I have three children that play tennis. Everyone who plays the game knows success is based on focusing on where the ball is going to be and not where it is at the moment. I recently attended the National Association of Medical Staff Services (NAMSS) conference in San Francisco. Several new ideas and approaches to credentialing were introduced and I thought it was worth taking a moment to share a brief summary of many hot topics with you as we “keep our eye on the ball”.
Let’s begin with the APP vs. the AHP
The world of credentialing is full of acronyms. An acronym that has been around for some time now but is just now making its way to the majority of us in Kansas is the APP or Advanced Practice Practitioner. This is a subcategory of Allied Health Practitioners or AHPs as we’ve come to know them. APPs are those AHPs that have advanced degrees giving them the opportunity to play a key role in the clinical course of treatment for the patient. Many hospitals are struggling with how to assess the clinical competency on the AHP/APP. The best practice is to request an activity log at the time of initial appointment and reappointment so the hospital can measure that against the clinical privileges being requested. The future credentialing model will treat APPs just as the medical staff members with all the required documentation.
NAMSS recognizes The Joint Commission (TJC) does not require a timeline-credentialing model where all hospital affiliations and work history affiliations are verified. NAMSS does, however, support affiliation verifications and is launching a new service called NAMSS PASS. This service will require voluntary participation of hospitals and physician employers around the country. The end result will be a centralized collection of all physician affiliation documentation (hospitals, work history, academic affiliations). Those entities requiring the information will be charged a fee for access to the NAMSS PASS. This is a great idea in theory but will rely on voluntary participation of hospitals and physician employers around the country. Unlike the verifications we request now where most are free, this verification will come at a price. The Joint Commission is most likely to accept the NAMSS PASS as primary source documentation, although this has yet to be determined. More to come on the NAMSS PASS….
New Credentialing Models
The world of medicine as we know it is ever changing and different credentialing models are necessary to meet the demand. Accountable Care Organizations (ACO) and medical home groups and other physician alignment models are being developed in the country and each will require some type of credentialing response. That response has yet to be determined because the new models will embrace some type of economic credentialing approach (who’s in and who’s out). Economic credentialing has not been popular in the past but will soon become the necessary standard of credentialing in some health care alignments.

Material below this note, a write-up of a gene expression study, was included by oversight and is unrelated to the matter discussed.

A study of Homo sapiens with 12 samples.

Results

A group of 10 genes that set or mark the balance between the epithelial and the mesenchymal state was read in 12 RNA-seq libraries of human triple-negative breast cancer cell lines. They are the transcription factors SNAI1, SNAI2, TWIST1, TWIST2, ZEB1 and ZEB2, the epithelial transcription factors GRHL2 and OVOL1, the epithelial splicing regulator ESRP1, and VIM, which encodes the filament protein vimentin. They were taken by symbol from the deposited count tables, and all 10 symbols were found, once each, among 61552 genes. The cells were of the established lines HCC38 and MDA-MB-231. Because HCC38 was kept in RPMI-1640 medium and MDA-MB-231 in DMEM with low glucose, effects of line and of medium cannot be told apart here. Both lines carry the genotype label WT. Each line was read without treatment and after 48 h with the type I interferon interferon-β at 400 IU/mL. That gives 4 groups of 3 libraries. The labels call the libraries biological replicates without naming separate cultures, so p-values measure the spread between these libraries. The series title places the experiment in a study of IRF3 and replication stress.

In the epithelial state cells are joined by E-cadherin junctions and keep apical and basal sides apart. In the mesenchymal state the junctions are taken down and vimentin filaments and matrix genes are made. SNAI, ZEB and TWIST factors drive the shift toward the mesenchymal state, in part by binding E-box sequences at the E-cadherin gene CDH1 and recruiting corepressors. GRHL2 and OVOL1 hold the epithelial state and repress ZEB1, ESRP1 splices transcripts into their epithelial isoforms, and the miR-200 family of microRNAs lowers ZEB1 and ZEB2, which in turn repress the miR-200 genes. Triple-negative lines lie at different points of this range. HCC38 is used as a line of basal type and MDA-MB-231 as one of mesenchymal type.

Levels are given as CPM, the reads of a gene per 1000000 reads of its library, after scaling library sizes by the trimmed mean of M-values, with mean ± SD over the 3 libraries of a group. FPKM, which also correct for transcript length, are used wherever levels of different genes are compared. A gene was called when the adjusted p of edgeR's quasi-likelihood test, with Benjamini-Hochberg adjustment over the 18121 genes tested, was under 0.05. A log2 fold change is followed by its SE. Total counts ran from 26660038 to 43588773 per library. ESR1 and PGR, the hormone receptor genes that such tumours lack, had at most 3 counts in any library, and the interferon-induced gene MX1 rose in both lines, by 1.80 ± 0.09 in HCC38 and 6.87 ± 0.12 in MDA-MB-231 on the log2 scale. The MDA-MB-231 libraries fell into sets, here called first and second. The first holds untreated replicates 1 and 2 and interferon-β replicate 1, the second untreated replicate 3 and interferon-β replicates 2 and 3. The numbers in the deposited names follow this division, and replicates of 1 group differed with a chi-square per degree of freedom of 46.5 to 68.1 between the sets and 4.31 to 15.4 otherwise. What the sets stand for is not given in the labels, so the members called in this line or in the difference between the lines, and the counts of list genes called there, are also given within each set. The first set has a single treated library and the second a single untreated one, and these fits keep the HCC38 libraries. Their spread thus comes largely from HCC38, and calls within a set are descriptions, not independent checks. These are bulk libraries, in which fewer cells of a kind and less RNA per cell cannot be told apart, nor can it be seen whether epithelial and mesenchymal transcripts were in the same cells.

MOL, MOC and OCC
Many of us have heard of the Maintenance of Certification (MOC) required by some boards of the American Board of Medical Specialties (ABMS). The MOC has not been fully adopted by all ABMS boards but it does seem to be the path of the future. Maintenance of Licensure (MOL) is a model being developed by the Federation of State Medical Boards (FSMB). This model is similar to the Maintenance of Certification (MOC) and Osteopathic Continuous Certification (OCC) in that it requires a provider to provide proof of continuous competency via classes attended (traditional CME requirements), participation in clinical activities (an expanding area of competency) and other forms of documentation. Although the MOL has not been implemented yet, this strategy of licensure requirements is being fully and aggressively embraced by the FSMBs. If implemented by all state licensure boards, the Kansas State Board of Healing Arts (KSBHA) will be developing the requirements for Kansas. My questions include the following: Will this eliminate the annual licensure renewal as all licensure is continually maintained? When will MOC be required for all boards? So far the American Board of Pediatrics has adopted it in 2010 but no other boards. Several boards are moving toward the MOC model. In any event this is where we are headed in the future.
I hope this summary of what is on the horizon provides an indication of where credentialing paths may lead in the future as we keep our eye on the ball of credentialing. I, like you, have many questions, but I’m confident we can approach these models together as we respond to the documentation needed.